Andrew Lyons-Berg focuses his practice on litigation in the Supreme Court and appellate courts across the country, as well as major motions at the trial-court level. He has briefed more than fifty appellate matters and dispositive motions, and has argued before the US Court of Appeals for the Sixth Circuit. Andrew also has extensive experience with agency litigation under the Administrative Procedure Act, including several recent victories setting aside federal agency action.
Andrew previously served as a law clerk to the Honorable Kim McLane Wardlaw on the US Court of Appeals for the Ninth Circuit. While in law school, he was a forum editor of the Yale Law Journal.
Obtained a Supreme Court victory expanding judicial review over administrative decisions on Convention Against Torture claims. (Nasrallah v. Barr)
Won a complex statutory-interpretation decision in the Supreme Court securing a favorable construction of the Immigration and Nationality Act. (Guerrero-Lasprilla v. Barr/Ovalles v. Barr)
Obtained a permanent nationwide injunction on behalf of a consortium of leading colleges and universities, blocking an immigration policy detrimental to the interests of international students. (Guilford College v. Wolf, M.D.N.C.)
Helped secure a Supreme Court win in a case that significantly narrowed the administrative law doctrine of Auer deference. (Kisor v. Wilkie)
The Legal 500 US, Appellate-Courts of Appeals/Appellate-Supreme Courts, 2021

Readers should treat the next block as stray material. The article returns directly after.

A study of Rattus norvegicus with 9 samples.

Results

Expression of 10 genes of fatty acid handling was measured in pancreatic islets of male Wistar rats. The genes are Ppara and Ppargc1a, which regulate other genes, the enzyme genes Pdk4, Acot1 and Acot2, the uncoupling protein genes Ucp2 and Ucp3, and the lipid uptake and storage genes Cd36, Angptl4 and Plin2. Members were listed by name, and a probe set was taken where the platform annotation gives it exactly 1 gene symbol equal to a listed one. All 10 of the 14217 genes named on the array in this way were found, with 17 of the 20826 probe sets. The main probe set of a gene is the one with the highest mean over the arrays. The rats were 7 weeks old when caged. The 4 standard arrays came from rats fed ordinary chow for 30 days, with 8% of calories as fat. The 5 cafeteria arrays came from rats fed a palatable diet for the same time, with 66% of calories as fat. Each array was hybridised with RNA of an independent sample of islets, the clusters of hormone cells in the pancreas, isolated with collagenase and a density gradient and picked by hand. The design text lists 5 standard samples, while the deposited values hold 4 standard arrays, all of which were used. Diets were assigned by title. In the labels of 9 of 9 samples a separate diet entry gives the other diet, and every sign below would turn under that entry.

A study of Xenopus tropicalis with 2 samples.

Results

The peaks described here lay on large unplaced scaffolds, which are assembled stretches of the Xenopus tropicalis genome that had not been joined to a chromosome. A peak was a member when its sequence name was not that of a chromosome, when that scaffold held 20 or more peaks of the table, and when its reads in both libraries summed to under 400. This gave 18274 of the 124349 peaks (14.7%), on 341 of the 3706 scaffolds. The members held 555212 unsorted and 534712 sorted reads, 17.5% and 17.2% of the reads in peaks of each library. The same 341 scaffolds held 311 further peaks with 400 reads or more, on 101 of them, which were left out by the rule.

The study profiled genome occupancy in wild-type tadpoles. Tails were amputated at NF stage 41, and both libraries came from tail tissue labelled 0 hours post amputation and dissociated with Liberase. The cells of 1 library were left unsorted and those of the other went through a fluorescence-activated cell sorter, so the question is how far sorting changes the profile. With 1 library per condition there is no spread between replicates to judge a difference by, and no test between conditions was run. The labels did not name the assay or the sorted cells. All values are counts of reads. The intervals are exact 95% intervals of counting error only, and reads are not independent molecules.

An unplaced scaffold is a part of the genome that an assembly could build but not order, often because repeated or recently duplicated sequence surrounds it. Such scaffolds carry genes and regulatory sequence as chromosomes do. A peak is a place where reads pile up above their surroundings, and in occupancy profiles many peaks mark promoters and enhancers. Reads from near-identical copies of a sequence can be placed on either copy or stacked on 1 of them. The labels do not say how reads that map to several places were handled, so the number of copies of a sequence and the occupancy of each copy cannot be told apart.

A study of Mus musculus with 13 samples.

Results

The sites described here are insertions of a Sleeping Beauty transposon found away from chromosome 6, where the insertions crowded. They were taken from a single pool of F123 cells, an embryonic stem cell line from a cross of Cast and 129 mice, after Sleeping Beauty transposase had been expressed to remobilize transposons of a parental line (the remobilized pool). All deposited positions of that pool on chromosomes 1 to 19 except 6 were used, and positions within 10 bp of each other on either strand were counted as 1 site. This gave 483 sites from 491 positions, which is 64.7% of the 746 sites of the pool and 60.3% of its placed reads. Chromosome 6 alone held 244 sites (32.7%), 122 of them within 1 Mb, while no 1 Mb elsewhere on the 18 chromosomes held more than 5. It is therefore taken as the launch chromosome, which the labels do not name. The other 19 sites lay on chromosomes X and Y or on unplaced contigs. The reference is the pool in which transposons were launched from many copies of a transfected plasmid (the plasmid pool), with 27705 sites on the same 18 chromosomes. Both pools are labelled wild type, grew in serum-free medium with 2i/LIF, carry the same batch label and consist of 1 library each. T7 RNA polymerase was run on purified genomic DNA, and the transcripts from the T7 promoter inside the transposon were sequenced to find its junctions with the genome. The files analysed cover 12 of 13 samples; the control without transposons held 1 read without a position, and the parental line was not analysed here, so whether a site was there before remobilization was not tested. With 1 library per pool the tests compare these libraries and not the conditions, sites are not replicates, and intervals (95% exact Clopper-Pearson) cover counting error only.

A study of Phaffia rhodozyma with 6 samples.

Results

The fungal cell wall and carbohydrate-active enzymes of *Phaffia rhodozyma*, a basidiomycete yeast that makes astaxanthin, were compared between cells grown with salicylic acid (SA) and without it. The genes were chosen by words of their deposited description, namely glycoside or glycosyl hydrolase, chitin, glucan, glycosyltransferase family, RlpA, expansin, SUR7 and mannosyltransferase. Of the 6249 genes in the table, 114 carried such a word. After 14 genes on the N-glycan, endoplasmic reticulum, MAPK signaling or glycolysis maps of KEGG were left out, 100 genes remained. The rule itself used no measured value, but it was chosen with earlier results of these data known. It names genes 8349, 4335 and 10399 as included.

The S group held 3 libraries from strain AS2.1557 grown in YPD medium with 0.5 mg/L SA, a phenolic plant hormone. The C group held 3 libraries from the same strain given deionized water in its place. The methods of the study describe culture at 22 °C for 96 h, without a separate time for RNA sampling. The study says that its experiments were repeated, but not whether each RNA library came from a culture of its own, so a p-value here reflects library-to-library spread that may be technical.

Yale Law School, JD, 2016
Williams College, BA, magna cum laude, 2011
Courts / Agencies US Supreme Court
US Court of Appeals for the Second Circuit
US Court of Appeals for the Fifth Circuit
US Court of Appeals for the Sixth Circuit
US Court of Appeals for the Seventh Circuit
US Court of Appeals for the Ninth Circuit
US Court of Appeals for the District of Columbia Circuit
US District Court for the District of Columbia
Do not send any information or documents that you want to have treated as secret or confidential. Providing information to McDermott via email links on this website or other introductory email communications will not create an attorney-client relationship; will not preclude McDermott from representing any other person or firm in any matter; and will not obligate McDermott to keep confidential the information you provide. McDermott cannot enter into an attorney-client relationship with you until McDermott has determined that doing so will not create a conflict of interest and until you and McDermott have entered into a written agreement or engagement letter that sets forth the terms of our relationship.